How to Repair Tears in Linoleum

Written by karie lapham fay
You can repair a tear or hole in your floor yourself, and no one will ever know it was there. (Jupiterimages/ Images)

Accidents happen -- but that fact is no consolation when accidents happen to your linoleum or vinyl floor, damaging the material. A dropped knife, a high heel puncturing the surface, a moving appliance gouging the floor ... any number of events can leave your linoleum or vinyl flooring with rips, holes and tears. Fortunately, fixing linoleum tears doesn't really require hiring a professional or ripping out the entire surface and laying new covering. With a "stolen" piece of covering from underneath an appliance or from a scrap left over after installation, some linoleum adhesive and seam sealer, you can fix most any linoleum tear or rip.

Skill level:
Moderately Easy


  • Clean, soft cloths
  • Blunt knife or spatula
  • Linoleum adhesive
  • Brick, heavy book or other weight
  • Lacquer thinner
  • Waxed paper
  • Liquid seam sealer
  • Tape measure
  • Hair dryer or pan of boiling water
  • Putty knife
  • Utility knife


    Clear the area around the tear to provide a obstacle-free work area. Look at the tear or cut closely to determine which method of repair will work best. Try easier repairs before attempting to patch the damaged area.

  2. 2

    Dampen a clean, soft cloth with lacquer thinner. Wipe over the damaged area, scrubbing if necessary to remove any dirt or debris present. Dry before proceeding.

  3. 3

    Use a blunt knife or small spatula to carefully pry up the edges of the tear or slit in your linoleum, if the rip or tear is large enough to expose the floor underneath the linoleum or vinyl; if you can't see the subfloor through the edges of the tear, do not tear it further. Spread a small amount of linoleum glue -- the exact amount will depend on the size of the tear -- across the flooring beneath.

  4. 4

    Press the edges of the tear together, wiping away any excess glue that squeezes out. Place a brick, a heavy book or a similar object on top of the repair to aid the tear in drying flat. Do not remove the weight until the glue is dry -- that will take, typically, several hours. Clean any glue residue on top of the finished repair with a cloth dampened with lacquer thinner.

  5. 5

    Smooth smaller tears, after cleaning with lacquer thinner, by pressing the edges of the rip flat. Squirt a thin bead of liquid seam sealer onto the damaged area. Allow the repair to air dry several hours before walking on the area; small tears will appear virtually unnoticeable after completion.

  6. 6

    Use a scrap piece of linoleum or vinyl, if you have any available, to create a patch for larger rips and tears. Remove a piece of flooring underneath an appliance or inside a closet if you do not have scrap available. Measure and mark a square section of replacement linoleum, making it slightly larger than the damaged area. Use a hair dryer or pot of very hot water set on the floor to loosen the adhesive beneath the piece you wish to "steal."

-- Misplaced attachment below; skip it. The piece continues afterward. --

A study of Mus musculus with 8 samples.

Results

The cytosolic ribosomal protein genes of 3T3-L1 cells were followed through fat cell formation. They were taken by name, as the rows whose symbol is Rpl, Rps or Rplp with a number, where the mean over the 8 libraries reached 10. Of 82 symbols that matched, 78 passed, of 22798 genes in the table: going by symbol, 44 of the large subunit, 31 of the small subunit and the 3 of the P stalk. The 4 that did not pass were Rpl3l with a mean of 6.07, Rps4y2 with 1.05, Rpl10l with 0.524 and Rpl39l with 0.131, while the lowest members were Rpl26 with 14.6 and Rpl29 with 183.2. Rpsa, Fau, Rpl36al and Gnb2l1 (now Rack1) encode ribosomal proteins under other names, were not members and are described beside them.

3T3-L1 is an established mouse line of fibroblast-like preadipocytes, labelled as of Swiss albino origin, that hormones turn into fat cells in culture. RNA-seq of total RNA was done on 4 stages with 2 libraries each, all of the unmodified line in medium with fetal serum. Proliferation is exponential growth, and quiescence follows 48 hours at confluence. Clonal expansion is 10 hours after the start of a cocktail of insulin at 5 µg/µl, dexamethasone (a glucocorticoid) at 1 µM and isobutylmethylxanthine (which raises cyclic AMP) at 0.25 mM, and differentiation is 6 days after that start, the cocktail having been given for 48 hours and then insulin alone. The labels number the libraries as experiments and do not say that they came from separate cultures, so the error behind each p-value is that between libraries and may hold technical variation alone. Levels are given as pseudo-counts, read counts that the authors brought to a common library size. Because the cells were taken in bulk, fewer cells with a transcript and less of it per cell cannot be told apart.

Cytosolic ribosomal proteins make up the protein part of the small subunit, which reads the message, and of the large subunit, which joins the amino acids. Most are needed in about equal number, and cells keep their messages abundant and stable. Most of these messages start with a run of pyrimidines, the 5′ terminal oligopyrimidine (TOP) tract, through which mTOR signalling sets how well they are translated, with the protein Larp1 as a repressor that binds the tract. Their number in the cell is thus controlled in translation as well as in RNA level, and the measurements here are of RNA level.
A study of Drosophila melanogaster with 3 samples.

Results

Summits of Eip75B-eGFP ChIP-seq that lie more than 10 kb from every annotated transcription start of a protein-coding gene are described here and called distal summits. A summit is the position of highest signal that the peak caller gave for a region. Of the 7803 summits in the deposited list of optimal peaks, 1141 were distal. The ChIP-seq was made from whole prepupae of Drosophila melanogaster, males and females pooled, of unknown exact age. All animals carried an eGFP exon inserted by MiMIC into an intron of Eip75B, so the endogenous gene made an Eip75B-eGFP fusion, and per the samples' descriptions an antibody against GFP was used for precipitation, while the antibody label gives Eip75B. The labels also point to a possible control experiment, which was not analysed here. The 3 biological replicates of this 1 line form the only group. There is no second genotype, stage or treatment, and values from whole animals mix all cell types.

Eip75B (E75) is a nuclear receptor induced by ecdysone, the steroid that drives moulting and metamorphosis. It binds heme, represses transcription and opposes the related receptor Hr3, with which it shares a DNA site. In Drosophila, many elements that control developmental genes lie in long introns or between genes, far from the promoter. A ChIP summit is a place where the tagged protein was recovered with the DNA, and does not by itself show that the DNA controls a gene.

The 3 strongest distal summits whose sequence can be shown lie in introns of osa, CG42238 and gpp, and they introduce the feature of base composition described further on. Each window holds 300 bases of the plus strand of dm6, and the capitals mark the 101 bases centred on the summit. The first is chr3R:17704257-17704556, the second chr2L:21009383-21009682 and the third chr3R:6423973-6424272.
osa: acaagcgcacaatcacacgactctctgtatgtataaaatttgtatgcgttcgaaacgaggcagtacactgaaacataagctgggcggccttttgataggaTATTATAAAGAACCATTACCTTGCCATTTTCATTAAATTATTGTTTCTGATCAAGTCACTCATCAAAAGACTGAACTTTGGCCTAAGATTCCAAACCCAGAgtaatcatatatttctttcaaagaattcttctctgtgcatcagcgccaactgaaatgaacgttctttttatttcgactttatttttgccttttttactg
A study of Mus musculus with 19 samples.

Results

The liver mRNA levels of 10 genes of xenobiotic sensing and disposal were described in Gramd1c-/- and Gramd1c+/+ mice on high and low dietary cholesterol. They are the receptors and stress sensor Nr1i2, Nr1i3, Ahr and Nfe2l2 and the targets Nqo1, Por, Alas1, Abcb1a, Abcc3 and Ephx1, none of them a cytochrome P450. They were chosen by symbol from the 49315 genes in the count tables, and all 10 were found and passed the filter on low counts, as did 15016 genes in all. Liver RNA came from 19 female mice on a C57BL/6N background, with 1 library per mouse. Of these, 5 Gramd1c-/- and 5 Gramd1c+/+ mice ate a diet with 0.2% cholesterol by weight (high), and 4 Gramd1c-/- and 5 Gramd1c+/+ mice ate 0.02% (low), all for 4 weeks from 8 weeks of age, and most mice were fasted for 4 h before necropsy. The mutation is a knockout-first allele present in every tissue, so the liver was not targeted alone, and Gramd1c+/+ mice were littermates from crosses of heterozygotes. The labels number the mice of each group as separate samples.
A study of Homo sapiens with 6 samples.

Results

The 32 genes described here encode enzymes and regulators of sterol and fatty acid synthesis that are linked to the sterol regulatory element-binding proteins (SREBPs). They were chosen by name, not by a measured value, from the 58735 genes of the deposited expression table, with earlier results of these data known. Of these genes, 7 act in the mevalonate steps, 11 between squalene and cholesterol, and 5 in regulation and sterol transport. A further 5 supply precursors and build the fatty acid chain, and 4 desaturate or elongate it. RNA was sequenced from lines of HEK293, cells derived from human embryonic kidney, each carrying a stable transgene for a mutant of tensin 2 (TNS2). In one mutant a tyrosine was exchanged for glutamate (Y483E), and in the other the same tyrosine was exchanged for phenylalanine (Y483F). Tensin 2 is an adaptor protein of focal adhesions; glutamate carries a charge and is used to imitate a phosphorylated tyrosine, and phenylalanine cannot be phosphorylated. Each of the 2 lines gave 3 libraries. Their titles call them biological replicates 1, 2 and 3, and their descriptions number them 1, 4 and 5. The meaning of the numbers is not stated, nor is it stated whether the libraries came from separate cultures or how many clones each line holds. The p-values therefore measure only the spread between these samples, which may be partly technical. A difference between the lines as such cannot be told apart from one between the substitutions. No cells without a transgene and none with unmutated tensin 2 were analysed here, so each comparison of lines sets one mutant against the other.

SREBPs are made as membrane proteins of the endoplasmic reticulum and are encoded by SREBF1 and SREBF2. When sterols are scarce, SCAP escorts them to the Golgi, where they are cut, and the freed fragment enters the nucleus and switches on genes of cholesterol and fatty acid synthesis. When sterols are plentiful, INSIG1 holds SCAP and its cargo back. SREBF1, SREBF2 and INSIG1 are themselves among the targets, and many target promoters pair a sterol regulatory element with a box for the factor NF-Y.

7. 7

    Cut through the linoleum or vinyl, according to measurement marks. Peel up the linoleum carefully, using a putty knife or similar tool, to remove.

  8. 8

    Place the patch piece on top of the damaged area, making sure to align any patterns as applicable. Use a sharp utility knife to cut through both pieces of linoleum or vinyl floor covering at once, so that the patch and the hole it fits are an exact match.

  9. 9

    Remove the damaged flooring piece, using a hair dryer or pan of hot water to again loosen the glue and aid in removal. Scrape any dried glue or residue from the subflooring beneath, once the damaged piece is removed.

  10. 10

    Apply a thin layer of linoleum adhesive to the subfloor where the patch will be placed. Put the patch in place, pressing in firmly and wiping away any excess glue that squeezes out. Cover the patch with a heavy book, brick or similar object to hold in place while the patch dries -- at least overnight, for best results. Complete by spreading a seam sealer around the edges and allow to dry again.

Tips and warnings

  • If you can't find an exact replacement for your linoleum or tile, consider an "accent" piece -- a scrap of linoleum of a complementary colour or desirable design.
  • Cover repairs with waxed paper before placing weights on them; if any glue squeezes out, it is easier to remove the waxed paper than the object, which might make the area tear.
  • To fill in large gouges and holes without creating a patch, crumble or grate some linoleum into a powder. Mix with lacquer to make a paste, spread across the blemish and allow to dry. Sand to smooth after completion.